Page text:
Morinville sits at the top when it comes to tax fairness, according to a Canadian Federation of Independent Business report released on Sept. 13.
The annual Property Tax Gap Report breaks down residential and commercial property tax rates across Alberta municipalities. Of the 87 municipalities in the report, Morinville is the only municipality that charges an equal mill rate for both residential and commercial.
Lisa Holmes, mayor of Morinville, says the town approved an equal mill rate to encourage businesses to set up shop in Morinville.
“It gives them an opportunity to not pay as much tax and we were hoping that that would show that we’re open for business,” she says.
Holmes noted that over the years Morinville has felt a steady increase in new businesses opening in town.
The report lists 87 municipalities, starting at one for the most fair and 87 for the least fair.
Holmes says she’s pleased that Morinville came in at number one for tax fairness.
“I think it’s fantastic. It shows that we’ve been really thoughtful about what we do in regards to taxes and our community, and I hope that businesses see it and choose to make Morinville their home.”
She added that she doesn’t know whether tax rates will stay the same in the future.
St. Albert is ranked number 16, with commercial owners paying $1.40 for every $1 residential owners pay.
Sturgeon County is listed with the highest tax gap in the capital region, with commercial owners paying $2.82 for every $1.00 residential owners pay. The county is number 63 on the list.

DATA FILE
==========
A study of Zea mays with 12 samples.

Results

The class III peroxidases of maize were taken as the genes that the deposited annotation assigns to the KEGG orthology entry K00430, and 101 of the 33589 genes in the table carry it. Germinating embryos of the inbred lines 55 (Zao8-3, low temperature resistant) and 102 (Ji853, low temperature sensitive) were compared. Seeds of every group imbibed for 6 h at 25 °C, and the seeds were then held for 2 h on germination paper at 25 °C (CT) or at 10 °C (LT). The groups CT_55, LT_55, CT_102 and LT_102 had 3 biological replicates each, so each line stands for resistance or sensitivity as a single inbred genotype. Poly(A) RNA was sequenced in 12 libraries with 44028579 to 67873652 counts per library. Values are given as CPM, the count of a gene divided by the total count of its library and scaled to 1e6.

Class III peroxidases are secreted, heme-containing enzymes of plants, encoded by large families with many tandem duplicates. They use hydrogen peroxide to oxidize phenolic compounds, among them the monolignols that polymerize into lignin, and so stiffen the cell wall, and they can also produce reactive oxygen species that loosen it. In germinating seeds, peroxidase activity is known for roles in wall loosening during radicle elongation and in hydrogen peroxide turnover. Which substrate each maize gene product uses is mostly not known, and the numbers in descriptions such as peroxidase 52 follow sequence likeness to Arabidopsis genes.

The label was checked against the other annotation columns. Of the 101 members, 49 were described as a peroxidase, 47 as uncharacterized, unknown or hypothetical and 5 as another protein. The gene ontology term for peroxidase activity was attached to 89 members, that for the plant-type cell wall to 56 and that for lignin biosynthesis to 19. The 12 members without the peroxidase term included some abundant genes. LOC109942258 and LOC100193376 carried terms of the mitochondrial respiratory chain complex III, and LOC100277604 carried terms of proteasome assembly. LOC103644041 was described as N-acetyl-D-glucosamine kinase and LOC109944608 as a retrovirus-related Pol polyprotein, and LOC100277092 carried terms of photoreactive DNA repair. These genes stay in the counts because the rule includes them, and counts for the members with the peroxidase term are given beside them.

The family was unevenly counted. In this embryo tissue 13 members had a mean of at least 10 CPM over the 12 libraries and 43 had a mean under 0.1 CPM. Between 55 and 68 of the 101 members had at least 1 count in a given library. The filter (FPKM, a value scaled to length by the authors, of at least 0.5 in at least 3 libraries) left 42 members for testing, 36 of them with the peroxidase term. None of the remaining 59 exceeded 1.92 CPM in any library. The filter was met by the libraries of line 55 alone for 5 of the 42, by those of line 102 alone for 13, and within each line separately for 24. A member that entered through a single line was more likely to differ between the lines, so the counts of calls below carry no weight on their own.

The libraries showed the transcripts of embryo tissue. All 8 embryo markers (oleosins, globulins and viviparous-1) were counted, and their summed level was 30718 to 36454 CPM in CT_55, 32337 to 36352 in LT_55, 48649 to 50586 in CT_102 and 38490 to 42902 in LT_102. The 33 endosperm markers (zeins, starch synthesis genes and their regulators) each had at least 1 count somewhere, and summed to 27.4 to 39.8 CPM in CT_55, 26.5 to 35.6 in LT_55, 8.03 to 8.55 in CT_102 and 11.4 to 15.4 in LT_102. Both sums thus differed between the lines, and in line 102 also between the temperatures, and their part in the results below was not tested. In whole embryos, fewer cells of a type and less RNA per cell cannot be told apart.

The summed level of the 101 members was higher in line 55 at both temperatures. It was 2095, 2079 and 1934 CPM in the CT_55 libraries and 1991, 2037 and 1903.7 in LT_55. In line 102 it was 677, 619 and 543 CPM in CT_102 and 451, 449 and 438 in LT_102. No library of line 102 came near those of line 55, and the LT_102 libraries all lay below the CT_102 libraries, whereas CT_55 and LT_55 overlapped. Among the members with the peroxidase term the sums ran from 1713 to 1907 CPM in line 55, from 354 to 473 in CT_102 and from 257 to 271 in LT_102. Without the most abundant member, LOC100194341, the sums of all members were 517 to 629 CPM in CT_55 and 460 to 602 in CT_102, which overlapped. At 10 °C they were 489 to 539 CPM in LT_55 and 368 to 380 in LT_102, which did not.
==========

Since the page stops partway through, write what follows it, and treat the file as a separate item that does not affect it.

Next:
Edmonton scored second for highest tax rates in the capital region, with commercial owners paying $2.75 for every $1 residential owners pay.
According to the report, a municipality with a tax gap that is greater than one to one indicates the tax system favours residential property. The municipal taxes in the report are based on $100,000 of assessed property.
A tax gap of less than one to one indicates favourable treatment towards commercial businesses, the report says.
The federation is calling on the government to reduce the tax gap through restraint in municipal spending.
In addition, the organization is asking the province to continue rejecting proposals for increased taxation.
They’re also calling on the government to cap the tax gap at a ration of 2:1, instead of 5:1 where it currently sits.
Amber Ruddy, director of provincial affairs in the organization, said in a news release that candidates running in the upcoming election should let small business owners know where they stand on commercial versus residential taxes.